Cameroonian Highlands forests
The Cameroonian Highlands forests are a montane tropical moist broadleaf forest ecoregion located on the range of mountains that runs inland from the Gulf of Guinea and forms the border between Cameroon and Nigeria. This is an area of forest and grassland which is becoming increasingly more populous as more and more land is cleared for agriculture.
|Cameroonian Highlands forests|
Map of Cameroonian Highlands forests
|Biome||Tropical and subtropical moist broadleaf forests|
|Area||38,000 km2 (15,000 sq mi)|
The Cameroonian Highlands forests extend across the Cameroon Highlands, a chain of extinct volcanoes, covering an area of 38,000 square kilometers (15,000 sq mi) in eastern Nigeria and western Cameroon. The ecoregion lies above 900 meters elevation, and is surrounded at lower elevations by the Cross-Sanaga-Bioko coastal forests at the southern end of the range, and by Guinean forest-savanna mosaic along the central and northern ends of the range; the Cameroon Highlands form the boundary between the Guinean and Northern Congolian forest-savanna mosaic ecoregions. The highest mountain in the chain, Mount Cameroon is considered a separate ecoregion, while the highest peak within the region is Mount Oku (3,011 metres (9,879 ft)). As with similar highland areas in Angola and in East Africa the climate is cooler here than is typical of tropical Africa. The highlands are an important source of water for both Nigeria and Cameroon.
The vegetation varies with elevation. Submontane forests extend from 900 metres (2,953 ft) to 1,800 metres (5,906 ft) meters elevation. Above 1,800 metres (5,906 ft) elevation are distinct montane forests and patches of montane grassland, bamboo forest, and subalpine grasslands and shrublands. The ecoregion is characterized by the presence of afromontane species, which have an archipelago-like distribution across the highlands of Africa. Typical afromontane species are Nuxia congesta, Podocarpus latifolius, Prunus africana, Rapanea melanophloeos, and Syzygium guineense bamendae.
Seven species of birds are strictly endemic: the Bamenda apalis (Apalis bamendae), Bangwa forest warbler (Bradypterus bangwaensis), white-throated mountain-babbler (Kupeornis gilberti), banded wattle-eye (Platysteira laticincta), Bannerman's weaver (Ploceus bannermani), Mount Kupe bush-shrike (Telophorus kupeensis) and Bannerman's turaco (Tauraco bannermani), which is a cultural icon for the Kom people who live in the area. Fourteen species are endemic to the Cameroon Highlands forests and Mt. Cameroon: Andropadus montanus, Phyllastrephus poliocephalus, Laniarius atroflavus, Malaconotus gladiator, Cossypha isabellae and the subspecies Cisticola chubbi discolor (sometimes considered a separate species C. discolor). Nine more montane endemic species are shared with Mt. Cameroon and Bioko: Psalidoprocne fuliginosa, Andropadus tephrolaemus, Phyllastrephus poensis, Phylloscopus herberti, Urolais epichlora, Poliolais lopezi, Nectarinia oritis, Nectarinia ursulae, and Nesocharis shelleyi.
Eleven small mammal species are endemic to the ecoregion: Eisentraut's striped mouse (Hybomys eisentrauti), the Mount Oku hylomyscus (Hylomyscus grandis), Mount Oku rat (Lamottemys okuensis), Mittendorf's striped grass mouse (Lemniscomys mittendorfi), Dieterlen's brush-furred mouse (Lophuromys dieterleni) and Eisentraut's brush-furred rat (L. eisentrauti), Oku mouse shrew (Myosorex okuensis,) Rumpi mouse shrew (M. rumpii), western vlei rat (Otomys occidentalis), Hartwig's soft-furred mouse (Praomys hartwigi), and Bioko forest shrew (Sylvisorex isabellae).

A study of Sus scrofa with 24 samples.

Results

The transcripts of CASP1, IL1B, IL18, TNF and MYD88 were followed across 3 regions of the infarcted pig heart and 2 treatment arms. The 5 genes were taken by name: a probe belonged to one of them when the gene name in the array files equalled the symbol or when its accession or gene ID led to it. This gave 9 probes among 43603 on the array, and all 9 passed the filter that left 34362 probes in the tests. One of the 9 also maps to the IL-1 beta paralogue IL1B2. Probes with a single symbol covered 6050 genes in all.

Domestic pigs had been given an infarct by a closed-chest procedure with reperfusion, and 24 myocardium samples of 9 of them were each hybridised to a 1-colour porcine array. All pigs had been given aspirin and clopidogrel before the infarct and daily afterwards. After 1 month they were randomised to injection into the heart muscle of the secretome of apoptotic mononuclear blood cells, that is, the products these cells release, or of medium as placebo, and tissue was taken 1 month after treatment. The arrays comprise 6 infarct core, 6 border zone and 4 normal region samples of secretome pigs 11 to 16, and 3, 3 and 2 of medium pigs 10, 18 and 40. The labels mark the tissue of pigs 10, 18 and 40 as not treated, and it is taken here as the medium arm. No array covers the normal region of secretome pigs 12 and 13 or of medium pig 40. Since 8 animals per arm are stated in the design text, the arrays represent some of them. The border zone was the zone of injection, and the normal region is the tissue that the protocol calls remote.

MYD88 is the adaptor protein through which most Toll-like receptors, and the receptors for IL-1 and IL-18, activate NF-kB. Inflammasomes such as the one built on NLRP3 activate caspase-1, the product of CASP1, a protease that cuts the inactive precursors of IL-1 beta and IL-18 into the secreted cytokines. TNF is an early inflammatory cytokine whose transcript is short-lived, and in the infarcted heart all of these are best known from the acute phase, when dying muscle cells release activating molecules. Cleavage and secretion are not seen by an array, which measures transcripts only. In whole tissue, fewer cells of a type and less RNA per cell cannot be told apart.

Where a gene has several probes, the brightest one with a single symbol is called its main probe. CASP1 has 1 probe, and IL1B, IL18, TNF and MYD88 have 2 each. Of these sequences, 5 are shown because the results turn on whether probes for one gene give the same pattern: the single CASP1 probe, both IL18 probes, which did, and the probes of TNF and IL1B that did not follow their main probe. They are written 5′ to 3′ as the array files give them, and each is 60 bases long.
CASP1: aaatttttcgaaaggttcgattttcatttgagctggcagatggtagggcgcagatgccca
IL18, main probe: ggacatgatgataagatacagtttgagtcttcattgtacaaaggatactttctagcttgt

The ecoregion is home to several endangered primates, including the Cross River gorilla (Gorilla gorilla diehli), an endemic subspecies of western gorilla, mainland drill (Mandrillus leucophaeus leucophaeus), Preuss's red colobus (Pilocolobus preussi), common chimpanzee (Pan troglodytes) and several species of guenon including Preuss's monkey (Cercopithecus preussi).
Forty species of amphibians are endemic to the ecoregion: Petropedetes parkeri, Petropedetes perreti, Phrynobatrachus cricogaster, Phrynobatrachus steindachneri, Phrynobatrachus werneri, Phrynobatrachus species, Phrynodon species, Cardioglossa melanogaster, Cardioglossa oreas, Cardioglossa pulchra, Cardioglossa schioetzi, Cardioglossa trifasciata, Cardioglossa venusta, Astylosternus nganhanus, Astylosternus perreti, Astylosternus montanus, Astylosternus rheophilus, Leptodactylodon axillaris, Leptodactylodon bicolor, Leptodactylodon boulengeri, Leptodactylodon erythrogaster, Leptodactylodon mertensi, Leptodactylodon polyacanthus, Leptodactylodon perreti, Afrixalus lacteus, Hyperolius ademetzi, Hyperolius riggenbachi, Leptopelis nordequatorialis, Xenopus amieti, Xenopus species, Bufo villiersi, Werneria bambutensis, Werneria tandyi, Wolterstorffina mirei.
The following reptiles are also considered more or less endemic: Atractaspis coalescens, Chamaeleo eisentrauti, Pfeffer's chameleon (C. pfefferi), four-horned chameleon (Trioceros quadricornis), Leptosiaphos ianthinoxantha, and Angel's five-toed skink (L. lepesmei).
Threats and conservation
The forest is continually being cleared for firewood, timber and to create farmland, and many of the mountains have lost significant amounts of forest cover. There is very little formal environmental protection.
Urban areas and settlements
In Cameroon the mountains are quite heavily populated and used for farming and grazing; much of this ecoregion lies in the Northwest and Adamawa Regions. Towns include Bamenda, capital of the Northwest and base for visiting the mountains including Oku, the Kilum-Ijim Forest and Lake Nyos. In Nigeria the ecoregion is located mainly on the Mambila Plateau, an area of agricultural and grazing land in Taraba State.